E3 '07: Lair Hands-On Impressions
We set fire to the skies--and hordes of ground troops--in a playable demo of Lair for the PlayStation 3.
You'd think that playing as a dragon would be a more common feature in games, but alas, these games are few and far between--and the ones that do make their way to the market are hit and miss. Thankfully, Lair looks to buck this trend with stunning visuals and some clever uses of the Sixaxis controller. If you think it sounds cool to jump on the back of a dragon and set fire to loads of baddies, you'd be right.
It's hard not to notice how beautiful Lair is. The first cutscene we saw showed a beautiful cathedral dome as the camera zoomed closer until we were inside of the building, which had obvious religious implications. While a priestly figure spoke to a collection of troops, we were introduced to Rohn, Lair's playable character. Rohn is a dragon-riding knight serving the kingdom of Asylia, which falls under attack of the Mokai. As Rohn, it's up to you to defend Asylia, one of the last bountiful areas of a land ravaged by volcanoes.
The initial level started with us right in the thick of battle, riding atop our dragon. The first order of business was to get used to the controls. Flying the dragon around isn't tough, but there is a bit of a learning curve. To flap the wings--and fly forward--you tap the X button, and steering is controlled by tilting the Sixaxis. Just like in a driving game, there is plenty of potential to oversteer, so it doesn't take a lot of movement to tilt the dragon in the proper direction. At first you might be inclined to use the analog sticks for steering, but you'll need to let go of this misconception early, since the sticks are used for camera control.
But a dragon needs room to breathe--fire, anyway. To spew flames at enemies, you tap the square button. As you would expect, you can do quite a bit of damage this way. In the first level we played, we had to destroy the catapults firing from the Mokai ships infiltrating the harbor. At first, the sheer size of the level was overwhelming and we were at a loss of where to go. Fortunately, a handy waypoint marker pointed us in the right direction, and soon we were able to swoop in and set the ships aflame.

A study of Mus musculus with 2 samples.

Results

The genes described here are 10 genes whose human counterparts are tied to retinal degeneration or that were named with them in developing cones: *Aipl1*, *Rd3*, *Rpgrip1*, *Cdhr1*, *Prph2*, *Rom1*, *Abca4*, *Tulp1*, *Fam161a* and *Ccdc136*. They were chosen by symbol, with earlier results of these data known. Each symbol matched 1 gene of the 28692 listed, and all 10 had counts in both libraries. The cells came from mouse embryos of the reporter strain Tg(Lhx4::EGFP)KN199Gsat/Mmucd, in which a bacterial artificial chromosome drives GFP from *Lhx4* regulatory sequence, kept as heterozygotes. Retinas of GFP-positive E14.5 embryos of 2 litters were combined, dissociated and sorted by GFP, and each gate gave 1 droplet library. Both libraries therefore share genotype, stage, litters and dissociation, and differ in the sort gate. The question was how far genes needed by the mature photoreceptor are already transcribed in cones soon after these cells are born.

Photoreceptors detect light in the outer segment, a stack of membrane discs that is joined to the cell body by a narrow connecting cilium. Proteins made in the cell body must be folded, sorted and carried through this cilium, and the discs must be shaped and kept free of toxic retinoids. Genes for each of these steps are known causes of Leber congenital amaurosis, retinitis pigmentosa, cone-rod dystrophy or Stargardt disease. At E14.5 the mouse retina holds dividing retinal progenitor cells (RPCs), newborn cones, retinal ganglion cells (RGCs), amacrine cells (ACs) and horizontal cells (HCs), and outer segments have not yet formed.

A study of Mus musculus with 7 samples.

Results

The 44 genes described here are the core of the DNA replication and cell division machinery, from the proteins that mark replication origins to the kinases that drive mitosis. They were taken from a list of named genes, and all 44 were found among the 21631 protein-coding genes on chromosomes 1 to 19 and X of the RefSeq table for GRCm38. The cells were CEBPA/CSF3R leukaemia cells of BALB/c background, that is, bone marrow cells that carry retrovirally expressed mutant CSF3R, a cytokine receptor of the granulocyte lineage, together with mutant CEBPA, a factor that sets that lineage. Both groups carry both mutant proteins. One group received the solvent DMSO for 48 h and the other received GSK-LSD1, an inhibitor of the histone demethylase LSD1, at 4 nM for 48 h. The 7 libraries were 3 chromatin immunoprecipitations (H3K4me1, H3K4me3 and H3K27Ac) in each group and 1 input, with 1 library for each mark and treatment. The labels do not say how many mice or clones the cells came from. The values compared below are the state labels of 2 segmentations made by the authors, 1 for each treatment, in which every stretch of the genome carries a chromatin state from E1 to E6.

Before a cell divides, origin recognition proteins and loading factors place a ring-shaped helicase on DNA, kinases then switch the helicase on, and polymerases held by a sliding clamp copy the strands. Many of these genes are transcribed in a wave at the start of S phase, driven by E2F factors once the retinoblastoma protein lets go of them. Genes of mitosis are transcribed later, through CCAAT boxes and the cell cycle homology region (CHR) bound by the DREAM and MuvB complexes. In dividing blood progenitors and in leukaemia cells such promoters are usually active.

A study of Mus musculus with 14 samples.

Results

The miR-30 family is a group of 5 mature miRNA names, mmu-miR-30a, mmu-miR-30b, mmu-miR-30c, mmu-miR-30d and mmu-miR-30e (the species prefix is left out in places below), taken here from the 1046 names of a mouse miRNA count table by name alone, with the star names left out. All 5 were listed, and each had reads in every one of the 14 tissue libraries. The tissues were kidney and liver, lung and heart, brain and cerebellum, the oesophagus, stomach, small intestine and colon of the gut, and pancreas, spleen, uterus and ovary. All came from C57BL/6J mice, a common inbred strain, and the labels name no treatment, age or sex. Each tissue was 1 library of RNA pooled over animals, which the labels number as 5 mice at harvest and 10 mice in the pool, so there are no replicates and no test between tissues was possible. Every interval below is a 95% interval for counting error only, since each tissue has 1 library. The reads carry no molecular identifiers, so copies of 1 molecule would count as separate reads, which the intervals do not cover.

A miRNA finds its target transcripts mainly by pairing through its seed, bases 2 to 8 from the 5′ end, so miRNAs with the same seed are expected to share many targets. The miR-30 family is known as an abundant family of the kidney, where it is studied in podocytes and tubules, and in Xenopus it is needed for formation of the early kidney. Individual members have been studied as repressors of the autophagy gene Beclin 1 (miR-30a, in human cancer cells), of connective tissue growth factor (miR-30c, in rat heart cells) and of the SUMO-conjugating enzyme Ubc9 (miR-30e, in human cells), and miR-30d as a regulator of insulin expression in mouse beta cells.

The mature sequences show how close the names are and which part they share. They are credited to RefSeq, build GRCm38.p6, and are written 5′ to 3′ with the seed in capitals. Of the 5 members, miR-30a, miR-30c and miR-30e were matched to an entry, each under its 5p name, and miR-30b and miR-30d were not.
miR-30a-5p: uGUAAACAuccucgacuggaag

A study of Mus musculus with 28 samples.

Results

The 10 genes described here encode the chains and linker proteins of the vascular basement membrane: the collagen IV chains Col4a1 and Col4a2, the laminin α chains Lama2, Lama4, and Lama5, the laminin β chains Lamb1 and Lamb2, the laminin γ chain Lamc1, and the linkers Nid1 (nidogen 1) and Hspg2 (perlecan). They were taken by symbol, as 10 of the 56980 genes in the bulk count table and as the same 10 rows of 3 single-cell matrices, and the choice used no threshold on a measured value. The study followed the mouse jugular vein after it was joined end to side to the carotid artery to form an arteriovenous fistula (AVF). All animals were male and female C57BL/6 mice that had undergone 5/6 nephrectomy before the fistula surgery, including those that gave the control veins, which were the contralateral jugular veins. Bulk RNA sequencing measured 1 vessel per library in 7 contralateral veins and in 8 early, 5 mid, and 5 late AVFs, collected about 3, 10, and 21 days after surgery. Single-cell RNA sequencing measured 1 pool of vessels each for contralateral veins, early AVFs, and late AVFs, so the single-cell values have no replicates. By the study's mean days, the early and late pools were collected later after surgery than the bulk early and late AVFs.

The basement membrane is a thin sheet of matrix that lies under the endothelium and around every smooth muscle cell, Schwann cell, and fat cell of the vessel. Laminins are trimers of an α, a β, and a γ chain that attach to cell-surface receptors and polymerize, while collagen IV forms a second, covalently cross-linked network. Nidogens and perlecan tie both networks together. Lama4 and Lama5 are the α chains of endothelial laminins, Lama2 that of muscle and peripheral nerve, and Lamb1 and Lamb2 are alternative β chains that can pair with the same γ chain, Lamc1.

There were other enemies to deal with though. Mokai dragons were also attacking the city, so we had to head back and deal with them. Handling other airborne enemies brings a few other tricks to the table. When you are close enough to an enemy, it will be labeled with a glowing ring. Pressing the circle button will send your dragon headlong into that foe and deliver a melee attack. At the same time, you enter a quasi-bullet-time mode. With time moving slowly, you can rotate the camera around your dragon. Enemies in the vicinity will also be marked, and pressing the circle button again sends you careening in that direction. Using this method, you can deliver chain attacks and bring down multiple enemies.
There was one adversary left though--a large boss dragon that gave us a run for the money. This also introduced a new mechanic: Lock-on. By using L1 and L2, we were able to lock on to the enemy and fly with it in tandem. While flying alongside, you can whip the controller to the side to bash into your locked target, though beware: He can do the same to you. After a few tries, we managed to fell our first boss character and finish the level. The closing, moving cutscene showed Rohn and his fellow knights mourning their fallen comrades, bathed in the light of a row of flickering torches. A final results screen gave us a medal and ranking based on how many enemies we killed, how many friendlies were lost, and a number of other factors.
We then made a landing for a second level, which featured more air combat and added ground battles as well. The level began with the appearance of an aptly named manta, which resembled an enormous stingray. Our first order of business was to protect a castle under siege. To do so, we needed to land the dragon and squash the teeming ground troops. Landing was a simple matter of lunging towards the ground and holding L2 and R2. Once you've landed, you'll notice that the controls shift gears, and you move about using the left analog stick, rather than tilting the controller.
You can still spout fire at your enemies on the ground, but as you lumber about, you have a few other options at your disposal. Hungry? The triangle button will let you slurp up soldiers and chow down, which not only looks cool but replenishes your health. Looking for a ground pound? The circle button makes you slam the ground, flinging foes to the side in the process. As you can imagine, your movement on land is more ponderous than when you're gliding through the air, but it's intensely satisfying to crush opposing troops like ants. We then took to the air to protect a supply barge as it traveled down the river. This required a mix of both styles of gameplay, in the air and on the ground.
Paying attention to the gameplay was a tough task though, mostly because Lair is simply stunning to look at. The draw distance is fantastic, and the enormous maps are rendered down to the last detail. We saw plenty of gorgeous details, from beautiful water-shaders to lovely motion-blurring when we did a 180-degree turn. Even more amazingly, Lair pulled it off without a single hitch in frame rate, making for plenty of smooth flight. And as you can imagine for a game featuring so much fire, the flame effects are some of the best we've ever seen.
If all of this has you chomping at the bit for more, you'll be glad to know you won't have to wait long: Lair is due for release on August 14th. We'll bring you more news on Lair--and a full review--closer to the game's release.